First thing is a question I have to ask...
Seriously, in the aftermath of the atrocities of the late pervo-supremo Jimmy Saville the BBC is rocked by even more scandals. Another one of their broadcasters has pled guilty to multiple child molestation charges, more arrests and investigations connected to what police call "Operation Yewtree" are happening every day. Also, a new report from the BBC's own internal inquiry says that sexual harassment is "rare" but bullying is "prominent."
Now sexual harassment, in its truest form, is a kind of bullying, so we can pretty much declare that this report is probably playing a little semantic game. Such games, and that it is an internal inquiry is causing me to assume that sexual harassment is probably rampant, and bullying, in all its forms, is probably constant and never-ending.
Now the BBC is supposed to be a bastion of fairly stuffy broadcasting excellence run by a collection of stuffy professionals. Harassment and bullying are not supposed to exist in a professional environment, and pedophilia has no place on this planet, let alone inside the halls of a venerable broadcasting institution.
So what's wrong?
Why is all this happening?
You can boil it down to a two-word catchphrase "corporate culture."
You see while it is supported by license fees which are taken from the British people like a tax, it is still a corporation. Some like to think corporations are some sort of sociopathic alien life form that has no relationship with anything on Earth, but that's wrong.
Corporations are not aliens, they are just groups of people working together to perform some sort of function. When groups of people form to perform some sort of function, be it to grow crops, make money, or make television, cultures form around them.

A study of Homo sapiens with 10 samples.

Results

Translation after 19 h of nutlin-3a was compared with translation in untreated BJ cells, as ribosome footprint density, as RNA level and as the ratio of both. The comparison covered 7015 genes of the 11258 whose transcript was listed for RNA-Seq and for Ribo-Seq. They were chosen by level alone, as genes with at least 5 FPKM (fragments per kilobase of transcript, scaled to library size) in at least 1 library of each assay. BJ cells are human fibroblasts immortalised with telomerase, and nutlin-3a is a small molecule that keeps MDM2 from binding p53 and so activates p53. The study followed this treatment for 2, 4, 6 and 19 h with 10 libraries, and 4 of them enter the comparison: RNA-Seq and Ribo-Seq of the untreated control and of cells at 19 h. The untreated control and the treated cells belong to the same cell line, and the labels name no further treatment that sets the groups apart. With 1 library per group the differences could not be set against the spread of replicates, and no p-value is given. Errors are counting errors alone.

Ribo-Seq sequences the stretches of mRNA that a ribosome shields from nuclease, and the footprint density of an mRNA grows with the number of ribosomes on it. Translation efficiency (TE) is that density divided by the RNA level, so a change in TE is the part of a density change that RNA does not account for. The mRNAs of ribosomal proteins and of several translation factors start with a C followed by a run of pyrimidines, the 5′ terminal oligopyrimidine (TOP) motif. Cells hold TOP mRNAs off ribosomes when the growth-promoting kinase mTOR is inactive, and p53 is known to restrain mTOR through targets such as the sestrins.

These cultures are unique to each group, and can continue long after its founders are gone, as if they're part of the atmosphere. These cultures have their own form of hierarchies, and unwritten rules concerning how people go up the hierarchical ladder, what is permitted, and what is not permitted.
I fear that the BBC's corporate culture took root during its time as a monopoly. Remember, when it first started, all other broadcasting in the UK was illegal. Now that's unheard of here in North America, but it was the truth in Great Britain, at least for a while.
Now market and political pressures forced the government to loosen the broadcasting laws, allowing private entities to compete with the BBC, but the damage to the Beeb's corporate culture had been done.
It strikes me that the BBC runs as if it is not just a television network, but that it's a government institution that still has a monopoly on what the greater British public sees, hears and thinks. This means that they can operate as a law onto itself, doing, saying, and spending on whatever they want whenever they want, and get away with it, because who is going to snitch them out or dare criticize them? While they didn't fear snitching or criticism at first because they were a monopoly, they now don't expect it because they think no one will want to rock the BBC boat for fear of being at the Beeb The Great & Powerful's mercy at some future date.
Then there's how people go up the ladder at the venerable institution. Like a lot of businesses those who run it are more often picked for their jobs based on politics over merit. Now I'm not saying "politics" as in which political party they vote for, I'm using "politics" as once defined by David Mamet as all that petty interpersonal backstabbing bullshit that gets in the way of getting the job done.
So you end up with regular accusations of cronyism, favouritism, and a toxic work atmosphere that say that those who have the ears of the people in power can get away with, if not murder, bullying, harassment, and even child molestation.
Private enterprise has a line where if crossed people will be fired and houses will be cleaned out. Now this is farther away the bigger the company and the bigger and more spread out the parent corporation, but the line is still there.
However, with BBC's financing mandated by law, that line is really, really, really far away. So reforming this corporate culture is going to take something just shy of a miracle.